The Neo-Luddites and the Conspiracy Theory
Is there an overlap of 5G Networks and COVID hotspots?

  Prof PM Soundar Rajan

The densely populated areas, that are more prone to the fast spread of the coronavirus, are the regions where the telecommunications companies will find much demand for its products. This is a coincidence and not a conspiracy.


Attacks on 5G infrastructure like the mobile towers continued to happen in the UK, and other parts of Europe as conspiracy theorists assaulted cell towers, other types of equipment and harass network engineers, believing the technology causes the novel coronavirus. The conspiracy is that 5G is spreading the virus. 

Till now we have been using frequencies up to 3GHz for 2G, 3G and 4G technologies. Initial 5G deployments use frequencies below 6 GHz, and we have been exposed to such frequencies for a long time, without known health damages. 

5G however, differs from its predecessors. It uses millimeter-wave (mmWave) frequencies starting at 24–28 GHz and 39 GHz in the US. The short range from these frequencies will require many "small cells" located on light poles, buildings, utility poles, or wherever they can be mounted. 

The health effects of RF radiation 
This subject has been studied and debated over the years. The RF energy can cause three potential effects: ionization, thermal health risks and electromagnetic. The first two are manageable. Ionization is not a risk at mmWave frequencies because it does not have sufficient energy to remove an electron from an atom to cause ionization. 

Thermal effects are also minimal and could only occur by placing a transmitter next to one's skin. Even then, the evidence is unclear, and one can easily avoid that situation by using headphones or operating one's cellphone in speakerphone mode. 

The electromagnetic (EM) effects are not too apparent. After reviewing several scientific studies, it could be argued that there could be negative impacts from electromagnetic radiation. For example, the mmWave frequencies, though unable to penetrate the skin, could conduct the interior of the body through the sweat glands.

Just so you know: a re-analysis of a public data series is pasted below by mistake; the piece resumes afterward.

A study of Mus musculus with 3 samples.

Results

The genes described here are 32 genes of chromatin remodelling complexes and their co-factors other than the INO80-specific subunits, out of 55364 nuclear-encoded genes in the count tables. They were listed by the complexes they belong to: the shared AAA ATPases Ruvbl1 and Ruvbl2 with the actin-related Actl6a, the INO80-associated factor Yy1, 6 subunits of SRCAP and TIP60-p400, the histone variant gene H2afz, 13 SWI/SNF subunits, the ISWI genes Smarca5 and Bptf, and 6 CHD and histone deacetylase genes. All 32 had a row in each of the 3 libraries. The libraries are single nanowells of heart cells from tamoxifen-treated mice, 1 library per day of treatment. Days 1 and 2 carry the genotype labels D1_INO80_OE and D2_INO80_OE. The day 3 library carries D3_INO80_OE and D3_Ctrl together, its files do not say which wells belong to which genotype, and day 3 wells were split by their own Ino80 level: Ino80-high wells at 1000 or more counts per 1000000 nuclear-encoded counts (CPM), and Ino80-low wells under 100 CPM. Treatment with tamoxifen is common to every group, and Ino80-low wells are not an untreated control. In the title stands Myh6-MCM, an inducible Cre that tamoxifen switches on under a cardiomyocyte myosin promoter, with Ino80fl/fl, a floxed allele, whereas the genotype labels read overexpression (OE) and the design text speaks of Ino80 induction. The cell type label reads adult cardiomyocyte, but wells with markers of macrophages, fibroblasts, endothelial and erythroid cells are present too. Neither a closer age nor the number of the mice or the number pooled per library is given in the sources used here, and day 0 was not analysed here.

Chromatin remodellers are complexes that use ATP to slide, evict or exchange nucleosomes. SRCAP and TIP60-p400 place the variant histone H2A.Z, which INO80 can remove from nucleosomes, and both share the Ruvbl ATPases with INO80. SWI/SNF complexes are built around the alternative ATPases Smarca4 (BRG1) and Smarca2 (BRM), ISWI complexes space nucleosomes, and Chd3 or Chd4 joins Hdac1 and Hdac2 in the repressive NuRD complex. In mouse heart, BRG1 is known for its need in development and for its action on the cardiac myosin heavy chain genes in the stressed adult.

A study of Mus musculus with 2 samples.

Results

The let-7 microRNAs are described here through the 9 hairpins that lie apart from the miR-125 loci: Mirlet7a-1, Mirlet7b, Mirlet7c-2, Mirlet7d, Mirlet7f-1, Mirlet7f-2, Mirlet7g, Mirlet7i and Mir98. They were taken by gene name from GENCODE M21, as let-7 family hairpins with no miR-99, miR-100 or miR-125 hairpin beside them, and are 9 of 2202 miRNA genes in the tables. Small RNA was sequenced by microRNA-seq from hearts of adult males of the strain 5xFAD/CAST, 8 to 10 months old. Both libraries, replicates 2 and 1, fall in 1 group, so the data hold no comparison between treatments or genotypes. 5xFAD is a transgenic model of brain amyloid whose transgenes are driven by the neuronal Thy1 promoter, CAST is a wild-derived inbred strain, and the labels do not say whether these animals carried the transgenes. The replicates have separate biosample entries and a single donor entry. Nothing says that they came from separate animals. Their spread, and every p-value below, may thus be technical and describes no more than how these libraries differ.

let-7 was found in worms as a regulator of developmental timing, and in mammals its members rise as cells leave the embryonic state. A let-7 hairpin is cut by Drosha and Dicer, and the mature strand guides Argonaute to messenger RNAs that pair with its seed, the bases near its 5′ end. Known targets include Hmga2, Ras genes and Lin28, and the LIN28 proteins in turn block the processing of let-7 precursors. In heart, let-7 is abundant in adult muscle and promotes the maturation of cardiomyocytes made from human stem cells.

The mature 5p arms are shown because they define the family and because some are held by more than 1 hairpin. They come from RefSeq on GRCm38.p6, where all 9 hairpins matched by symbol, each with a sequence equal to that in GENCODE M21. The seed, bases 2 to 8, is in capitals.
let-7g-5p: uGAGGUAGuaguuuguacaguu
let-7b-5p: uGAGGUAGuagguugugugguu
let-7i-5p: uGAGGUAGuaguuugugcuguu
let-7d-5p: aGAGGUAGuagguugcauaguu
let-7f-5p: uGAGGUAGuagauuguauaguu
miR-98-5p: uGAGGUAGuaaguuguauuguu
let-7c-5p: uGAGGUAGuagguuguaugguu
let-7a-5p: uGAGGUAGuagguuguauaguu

The potential risks of continuing to deploy 5G, lack strong evidence of health effects. There is a need for more studies to prove the above. However, the lack of evidence raises the fear among conspiracy theorists that we do not know about negative effects until it is too late. 

Is there an overlap of 5G Networks and COVID hotspots? Why the correlation of coronavirus with  5G specifically? 
Some believe it must be too much of a coincidence that the virus strikes just as more of these networks are being installed and deployed. Many believers of this conspiracy have been reading closely into American maps showing the overlap of 5G networks with the places hardest hit by COVID-19. They seem to have missed the fact that both these things, separately, by a simple fact: the presence of large, densely populated areas (which provides an excellent environment for spreading the disease and a place where telecommunications companies will have much demand for their products). They also ignore the fact that COVID-19 has hit Iran hard despite the country being nearly devoid of 5G connectivity.

So, how do we put this conspiracy theory to rest? 
The 5G conspiracy is just another part of the "infodemic," and stopping it means stopping disinformation on social media. According to an analysis in the New York Times, "487 Facebook communities, 84 Instagram accounts, 52 Twitter accounts, and dozens of other posts and videos pushing the conspiracy. On YouTube, the 10 most popular 5G coronavirus conspiracy videos posted in March were viewed over 5.8 million times." 

Tragic events bring out the best, and worst in some people. True to form, a group of conspiracy theorists, the Luddites, illiterate celebrities and ill-informed activists have surfaced to suggest that 5G and the 'radiation' that its towers emit is actually responsible for coronavirus.
 


Prof PM Soundar Rajan is a Visiting Professor at the International Strategic and Security Studies Programme in NIAS. He is a leading expert in combat aircraft avionics, HW and SW and COTS-based mission computers.